There’s every reason to think it will. Television broadcasting in most countries tends to use most of the same frequencies. In Europe, it’s mostly UHF, but in North America, all the frequency allocations are almost identical. So if you’re within 40-50 miles of a broadcast tower located in Canada or Mexico, you’ll probably get those stations.
There’s nothing illegal about it either. There are some regulations about broadcasts intended for the US, Canada, or Mexico, but as long as everyone obeys their laws about broadcast power, there’s nothing illegal about you as the average person picking up stations that originate in another country.
Of course you probably know that if you have family in Canada. Most Canadians live within broadcast range of at least one radio or TV station from the US, and although there are strict rules intended to keep Canadians watching Canadian pay-TV and cable, there’s nothing that could or would stop them from watching US TV. Of course they don’t count in the ratings, but you sort of have to expect that.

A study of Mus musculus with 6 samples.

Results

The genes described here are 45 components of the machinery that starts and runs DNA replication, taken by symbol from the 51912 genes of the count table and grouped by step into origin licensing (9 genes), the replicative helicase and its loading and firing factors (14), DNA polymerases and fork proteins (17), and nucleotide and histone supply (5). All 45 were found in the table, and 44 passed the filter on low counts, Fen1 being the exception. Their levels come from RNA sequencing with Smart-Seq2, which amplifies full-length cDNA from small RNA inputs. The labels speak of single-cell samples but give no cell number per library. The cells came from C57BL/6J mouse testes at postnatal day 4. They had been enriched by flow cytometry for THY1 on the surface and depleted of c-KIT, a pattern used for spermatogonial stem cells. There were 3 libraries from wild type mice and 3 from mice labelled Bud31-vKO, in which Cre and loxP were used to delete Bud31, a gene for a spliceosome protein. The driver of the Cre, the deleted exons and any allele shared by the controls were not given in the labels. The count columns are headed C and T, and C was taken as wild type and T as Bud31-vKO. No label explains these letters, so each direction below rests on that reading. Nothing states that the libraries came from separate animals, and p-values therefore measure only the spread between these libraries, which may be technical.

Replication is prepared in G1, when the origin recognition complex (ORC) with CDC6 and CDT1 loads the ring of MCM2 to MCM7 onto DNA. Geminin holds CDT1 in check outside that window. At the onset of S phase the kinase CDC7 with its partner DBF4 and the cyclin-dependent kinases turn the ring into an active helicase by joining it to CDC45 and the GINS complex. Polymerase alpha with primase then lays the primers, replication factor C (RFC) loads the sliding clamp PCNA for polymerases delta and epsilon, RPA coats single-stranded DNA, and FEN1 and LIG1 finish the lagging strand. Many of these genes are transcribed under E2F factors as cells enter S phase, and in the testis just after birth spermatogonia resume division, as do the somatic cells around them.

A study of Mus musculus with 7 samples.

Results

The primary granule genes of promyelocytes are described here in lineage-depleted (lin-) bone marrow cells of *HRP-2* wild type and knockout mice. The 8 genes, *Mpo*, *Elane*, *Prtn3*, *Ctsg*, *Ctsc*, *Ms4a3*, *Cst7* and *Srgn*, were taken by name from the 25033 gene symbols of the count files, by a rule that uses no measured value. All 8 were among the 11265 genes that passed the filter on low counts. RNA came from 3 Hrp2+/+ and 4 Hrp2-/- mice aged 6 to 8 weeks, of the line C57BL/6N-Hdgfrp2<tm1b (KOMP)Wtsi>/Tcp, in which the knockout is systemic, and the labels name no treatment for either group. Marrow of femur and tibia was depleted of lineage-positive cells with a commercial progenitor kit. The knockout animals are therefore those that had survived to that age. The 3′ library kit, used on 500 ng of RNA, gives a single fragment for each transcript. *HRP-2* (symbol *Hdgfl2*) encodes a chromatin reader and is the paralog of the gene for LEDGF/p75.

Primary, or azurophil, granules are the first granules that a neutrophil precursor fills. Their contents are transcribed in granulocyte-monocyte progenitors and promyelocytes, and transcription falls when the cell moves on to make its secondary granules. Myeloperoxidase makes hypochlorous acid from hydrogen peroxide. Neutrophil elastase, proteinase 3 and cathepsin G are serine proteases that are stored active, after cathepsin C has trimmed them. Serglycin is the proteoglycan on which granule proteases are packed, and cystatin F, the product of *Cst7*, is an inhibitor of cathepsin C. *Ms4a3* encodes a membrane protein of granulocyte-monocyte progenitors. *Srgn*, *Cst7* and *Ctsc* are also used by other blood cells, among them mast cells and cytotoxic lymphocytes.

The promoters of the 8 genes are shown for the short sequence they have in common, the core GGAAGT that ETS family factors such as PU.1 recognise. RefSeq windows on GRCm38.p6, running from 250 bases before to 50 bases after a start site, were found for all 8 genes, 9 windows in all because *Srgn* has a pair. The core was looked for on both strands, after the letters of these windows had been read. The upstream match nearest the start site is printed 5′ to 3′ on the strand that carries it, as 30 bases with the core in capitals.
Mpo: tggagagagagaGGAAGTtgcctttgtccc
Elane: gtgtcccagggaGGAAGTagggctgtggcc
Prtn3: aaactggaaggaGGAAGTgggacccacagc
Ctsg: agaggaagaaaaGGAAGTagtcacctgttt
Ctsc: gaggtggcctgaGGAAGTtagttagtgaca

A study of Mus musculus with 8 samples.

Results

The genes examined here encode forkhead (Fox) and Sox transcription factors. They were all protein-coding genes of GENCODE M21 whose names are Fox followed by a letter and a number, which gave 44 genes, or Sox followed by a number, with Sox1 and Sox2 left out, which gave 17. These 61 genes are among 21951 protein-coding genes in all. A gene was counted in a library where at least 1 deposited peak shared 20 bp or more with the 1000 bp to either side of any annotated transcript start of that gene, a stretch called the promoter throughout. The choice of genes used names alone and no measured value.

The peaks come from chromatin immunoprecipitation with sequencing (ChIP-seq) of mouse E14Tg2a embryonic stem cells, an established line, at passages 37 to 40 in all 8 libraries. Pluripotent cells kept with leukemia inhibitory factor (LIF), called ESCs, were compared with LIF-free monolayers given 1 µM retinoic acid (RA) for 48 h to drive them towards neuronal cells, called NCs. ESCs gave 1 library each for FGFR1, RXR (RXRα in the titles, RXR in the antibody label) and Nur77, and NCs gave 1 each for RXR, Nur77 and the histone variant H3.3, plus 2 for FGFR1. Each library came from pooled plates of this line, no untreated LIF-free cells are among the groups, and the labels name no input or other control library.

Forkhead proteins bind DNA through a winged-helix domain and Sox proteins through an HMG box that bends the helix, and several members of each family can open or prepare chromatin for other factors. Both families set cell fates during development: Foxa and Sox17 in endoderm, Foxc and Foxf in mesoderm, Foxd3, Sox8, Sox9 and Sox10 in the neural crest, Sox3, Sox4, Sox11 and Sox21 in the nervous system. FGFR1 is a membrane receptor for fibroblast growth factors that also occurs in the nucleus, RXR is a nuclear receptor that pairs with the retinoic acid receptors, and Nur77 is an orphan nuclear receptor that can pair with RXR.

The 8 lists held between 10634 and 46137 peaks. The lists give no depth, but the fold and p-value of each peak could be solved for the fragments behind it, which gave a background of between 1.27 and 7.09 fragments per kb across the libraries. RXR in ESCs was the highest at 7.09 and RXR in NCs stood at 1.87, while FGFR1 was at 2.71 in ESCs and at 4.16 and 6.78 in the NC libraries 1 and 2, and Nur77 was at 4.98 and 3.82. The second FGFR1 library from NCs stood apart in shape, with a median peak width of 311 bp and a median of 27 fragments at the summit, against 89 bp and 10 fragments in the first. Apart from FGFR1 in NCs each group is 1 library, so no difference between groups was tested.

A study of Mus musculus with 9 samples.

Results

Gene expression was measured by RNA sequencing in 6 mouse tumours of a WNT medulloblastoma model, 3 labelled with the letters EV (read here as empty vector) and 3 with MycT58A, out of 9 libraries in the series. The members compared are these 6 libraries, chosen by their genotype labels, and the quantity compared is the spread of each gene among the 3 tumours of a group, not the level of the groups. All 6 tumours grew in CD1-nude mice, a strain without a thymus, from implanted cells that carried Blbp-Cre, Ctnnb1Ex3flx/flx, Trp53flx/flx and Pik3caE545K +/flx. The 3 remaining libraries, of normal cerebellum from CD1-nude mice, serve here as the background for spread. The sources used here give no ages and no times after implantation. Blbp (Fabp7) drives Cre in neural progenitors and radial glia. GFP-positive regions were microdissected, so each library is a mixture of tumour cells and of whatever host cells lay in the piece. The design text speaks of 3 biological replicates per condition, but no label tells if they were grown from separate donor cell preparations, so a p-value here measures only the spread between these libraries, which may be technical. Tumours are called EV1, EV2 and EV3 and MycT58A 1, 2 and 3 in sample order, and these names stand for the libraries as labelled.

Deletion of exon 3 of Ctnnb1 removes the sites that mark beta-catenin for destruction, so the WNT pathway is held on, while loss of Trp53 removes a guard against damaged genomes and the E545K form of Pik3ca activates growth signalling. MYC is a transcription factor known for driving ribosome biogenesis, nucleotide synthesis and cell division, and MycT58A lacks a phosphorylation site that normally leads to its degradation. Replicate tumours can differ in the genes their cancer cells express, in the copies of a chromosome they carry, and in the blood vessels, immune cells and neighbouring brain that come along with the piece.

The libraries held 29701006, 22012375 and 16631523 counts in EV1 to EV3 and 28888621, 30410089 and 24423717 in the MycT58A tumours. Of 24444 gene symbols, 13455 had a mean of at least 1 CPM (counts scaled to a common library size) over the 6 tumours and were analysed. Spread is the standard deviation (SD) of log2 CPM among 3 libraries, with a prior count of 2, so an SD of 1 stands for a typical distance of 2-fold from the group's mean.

I’m sure that the regulating agencies of each country would just love it if there were some way to actively stop signals from crossing borders, but that’s just not the way broadcasting works. Radio frequency signals keep going until they get too weak to be detected, or until they hit something they aren’t strong enough to pass through. So unless we erect a 200 foot lead wall between us and other countries, you have to expect those foreign signals are just going to keep coming over the border. But that’s ok, everyone expects them to.